Winter fitness and exercise tips

Sarah Zehab poses for a photograph inside her gym. She’s holding a weight.
Sarah Zahab is a registered Kinesiologist and co-founder of Westboro’s Continuum Fitness. Supplied photo

By Zenith Wolfe

Registered Kinesiologist Sarah Zahab is getting Westboro residents moving again.

Zahab opened Continuum Fitness in 2011 to provide one-on-one fitness coaching services with an emphasis on improving movement quality in active individuals. They have grown to add Athletic Therapy, Registered Massage Therapy and Registered Physical Therapy.

The Kitchissippi Times sat down with Zahab to talk about why exercise is important and how to stay fit in the new year.

KT: Tell us about your fitness journey and how it led you to found Continuum Fitness.

SZ: I was always an active child, and it transitioned to being active in my university years. I danced competitively when I was young, and after I stopped dancing, I was looking for other opportunities to become active. I came across fitness competitions and decided to compete.

But mostly, I really enjoyed my studies in human kinetics and kinesiology. I started working, during university, in a gym setting. A number of years into [the job], it felt like a seamless transition to open up Continuum Fitness with my husband, who was a strength and conditioning coach.

We co-founded [the gym] to help our local community and offer services from educated and experienced practitioners. Westboro is home for us, so it was very important that we provided services here.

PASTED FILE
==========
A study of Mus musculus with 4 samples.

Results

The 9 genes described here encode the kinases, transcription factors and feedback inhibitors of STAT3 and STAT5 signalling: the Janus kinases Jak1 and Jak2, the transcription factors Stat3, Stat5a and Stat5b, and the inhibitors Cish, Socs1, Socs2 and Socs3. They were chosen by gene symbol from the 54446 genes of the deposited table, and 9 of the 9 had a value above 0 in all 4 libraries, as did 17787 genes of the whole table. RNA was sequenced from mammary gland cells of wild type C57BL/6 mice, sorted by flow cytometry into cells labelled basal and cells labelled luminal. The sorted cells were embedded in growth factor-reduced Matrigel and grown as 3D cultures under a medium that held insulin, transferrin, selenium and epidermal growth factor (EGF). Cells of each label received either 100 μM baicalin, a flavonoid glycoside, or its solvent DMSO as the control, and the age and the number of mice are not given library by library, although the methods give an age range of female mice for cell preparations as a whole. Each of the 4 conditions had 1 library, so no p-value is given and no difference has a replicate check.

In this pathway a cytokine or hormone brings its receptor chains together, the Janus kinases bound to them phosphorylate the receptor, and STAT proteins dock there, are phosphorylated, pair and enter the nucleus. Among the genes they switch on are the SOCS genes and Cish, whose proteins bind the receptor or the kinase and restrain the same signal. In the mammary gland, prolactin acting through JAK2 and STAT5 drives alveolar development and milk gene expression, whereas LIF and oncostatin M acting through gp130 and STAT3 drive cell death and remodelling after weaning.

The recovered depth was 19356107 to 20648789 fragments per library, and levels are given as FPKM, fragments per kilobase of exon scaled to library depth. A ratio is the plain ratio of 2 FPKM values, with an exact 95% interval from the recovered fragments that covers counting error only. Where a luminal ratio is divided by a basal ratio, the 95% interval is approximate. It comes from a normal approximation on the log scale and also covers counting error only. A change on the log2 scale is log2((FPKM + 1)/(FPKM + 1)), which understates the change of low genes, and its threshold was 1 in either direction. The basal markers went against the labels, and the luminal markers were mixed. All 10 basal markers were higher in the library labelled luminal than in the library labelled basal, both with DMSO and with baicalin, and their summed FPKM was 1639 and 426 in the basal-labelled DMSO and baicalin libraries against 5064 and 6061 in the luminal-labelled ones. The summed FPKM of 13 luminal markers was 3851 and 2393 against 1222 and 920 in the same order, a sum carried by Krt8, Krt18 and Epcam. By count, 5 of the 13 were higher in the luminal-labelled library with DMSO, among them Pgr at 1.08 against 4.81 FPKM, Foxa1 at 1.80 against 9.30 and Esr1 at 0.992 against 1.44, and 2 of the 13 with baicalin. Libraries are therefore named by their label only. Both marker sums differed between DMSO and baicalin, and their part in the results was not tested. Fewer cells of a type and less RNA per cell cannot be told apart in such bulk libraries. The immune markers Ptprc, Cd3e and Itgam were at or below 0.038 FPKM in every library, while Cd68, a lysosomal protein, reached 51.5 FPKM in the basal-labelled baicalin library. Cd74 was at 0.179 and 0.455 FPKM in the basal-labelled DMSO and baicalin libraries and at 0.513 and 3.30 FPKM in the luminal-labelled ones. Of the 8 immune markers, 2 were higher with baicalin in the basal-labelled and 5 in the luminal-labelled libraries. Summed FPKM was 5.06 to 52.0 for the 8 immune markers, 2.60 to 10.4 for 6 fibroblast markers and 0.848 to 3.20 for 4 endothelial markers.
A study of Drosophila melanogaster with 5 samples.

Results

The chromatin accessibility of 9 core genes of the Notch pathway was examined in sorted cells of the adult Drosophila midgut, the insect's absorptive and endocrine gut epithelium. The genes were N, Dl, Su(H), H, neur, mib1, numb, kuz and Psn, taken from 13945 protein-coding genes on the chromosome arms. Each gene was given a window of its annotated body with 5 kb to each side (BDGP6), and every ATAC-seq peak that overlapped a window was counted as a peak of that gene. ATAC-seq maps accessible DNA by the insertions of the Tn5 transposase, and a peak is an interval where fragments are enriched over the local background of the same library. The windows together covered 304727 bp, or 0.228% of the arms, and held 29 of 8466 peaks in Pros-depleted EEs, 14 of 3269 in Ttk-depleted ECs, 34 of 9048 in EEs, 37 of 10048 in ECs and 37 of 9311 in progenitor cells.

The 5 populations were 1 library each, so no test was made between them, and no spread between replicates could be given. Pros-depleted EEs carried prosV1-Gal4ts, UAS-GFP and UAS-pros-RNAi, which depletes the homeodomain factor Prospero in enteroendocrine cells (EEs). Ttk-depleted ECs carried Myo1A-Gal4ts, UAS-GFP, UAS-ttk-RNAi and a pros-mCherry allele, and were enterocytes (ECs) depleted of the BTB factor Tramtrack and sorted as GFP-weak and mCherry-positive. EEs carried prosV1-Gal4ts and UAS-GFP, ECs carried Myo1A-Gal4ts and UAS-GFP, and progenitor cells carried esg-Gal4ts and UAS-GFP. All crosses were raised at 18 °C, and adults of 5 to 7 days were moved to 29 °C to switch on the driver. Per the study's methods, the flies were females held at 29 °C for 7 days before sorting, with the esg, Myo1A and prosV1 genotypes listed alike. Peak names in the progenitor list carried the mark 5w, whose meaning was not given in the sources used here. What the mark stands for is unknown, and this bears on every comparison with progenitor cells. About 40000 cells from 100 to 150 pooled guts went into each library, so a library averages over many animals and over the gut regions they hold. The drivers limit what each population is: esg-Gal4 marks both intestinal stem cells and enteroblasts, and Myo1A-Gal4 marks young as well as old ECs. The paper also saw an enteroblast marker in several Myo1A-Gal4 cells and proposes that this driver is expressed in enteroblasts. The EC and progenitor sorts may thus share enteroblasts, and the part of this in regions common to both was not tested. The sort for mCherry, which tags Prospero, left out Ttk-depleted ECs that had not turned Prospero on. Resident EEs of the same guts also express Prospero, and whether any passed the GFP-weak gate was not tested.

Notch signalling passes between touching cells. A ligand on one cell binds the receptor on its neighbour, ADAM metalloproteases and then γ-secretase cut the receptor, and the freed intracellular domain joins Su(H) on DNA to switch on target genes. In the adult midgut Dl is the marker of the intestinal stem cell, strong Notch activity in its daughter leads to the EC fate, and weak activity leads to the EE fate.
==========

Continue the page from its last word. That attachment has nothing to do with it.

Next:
KT: What kind of feedback do you hear from the community members you train with?

SZ: We have a number of success stories. We work with a lot of people who have discomforts or limitations: maybe they’re not able run or walk with out knee pain or back pain. With our multi-disciplinary approach, we’re able to help people move optimally and exercise safely.

KT: How does it make you feel to see those success stories come to fruition in your own gym?

SZ: There is nothing more gratifying than hearing someone say “I’m able to run again when I was told I could never run” and getting them back to the activities they enjoy.

KT: Why is exercise so important?

SZ: The Canadian guidelines recommend that we should be obtaining 150 minutes of moderate to vigorous physical activity per week – plus two strength sessions – for overall health. What’s really important to understand is that these recommendations are for optimal health, not aesthetic purposes.

It’s to improve our cardiovascular health, our muscular systems, our lymphatic systems. It’s to help us do the things we want to do without injury. [It’s] for our mental health.

KT: It’s the time of year where people are struggling with the winter blues, cold and windy weather, and the return to work. How can people stay fit given all these factors?

SZ: Starting small and remaining consistent is really important. For many people, walking is very accessible. You might not be able to walk as far or as long because it’s cold, but you can still go for a walk. We’re very fortunate in the Westboro community to have Kichi Sibi trail to walk and ski.

Doing indoor workouts, following a class virtually, and discovering the activities that bring you joy [can also help].

KT: People are also starting to act on their New Years resolutions. What advice do you have for someone who has set a fitness resolution for themselves?

SZ: If you are going to set a resolution, I would suggest that it is SMART: specific, measurable, attainable, realistic, and timely. Ensure that you’re doing an activity you could see yourself doing for the rest of your life.

And start out slow. In my 22 years of doing kinesiology, the people who have been the most successful are those who have started off slow and who progressed slowly, but remained consistent. I can’t emphasize consistency enough.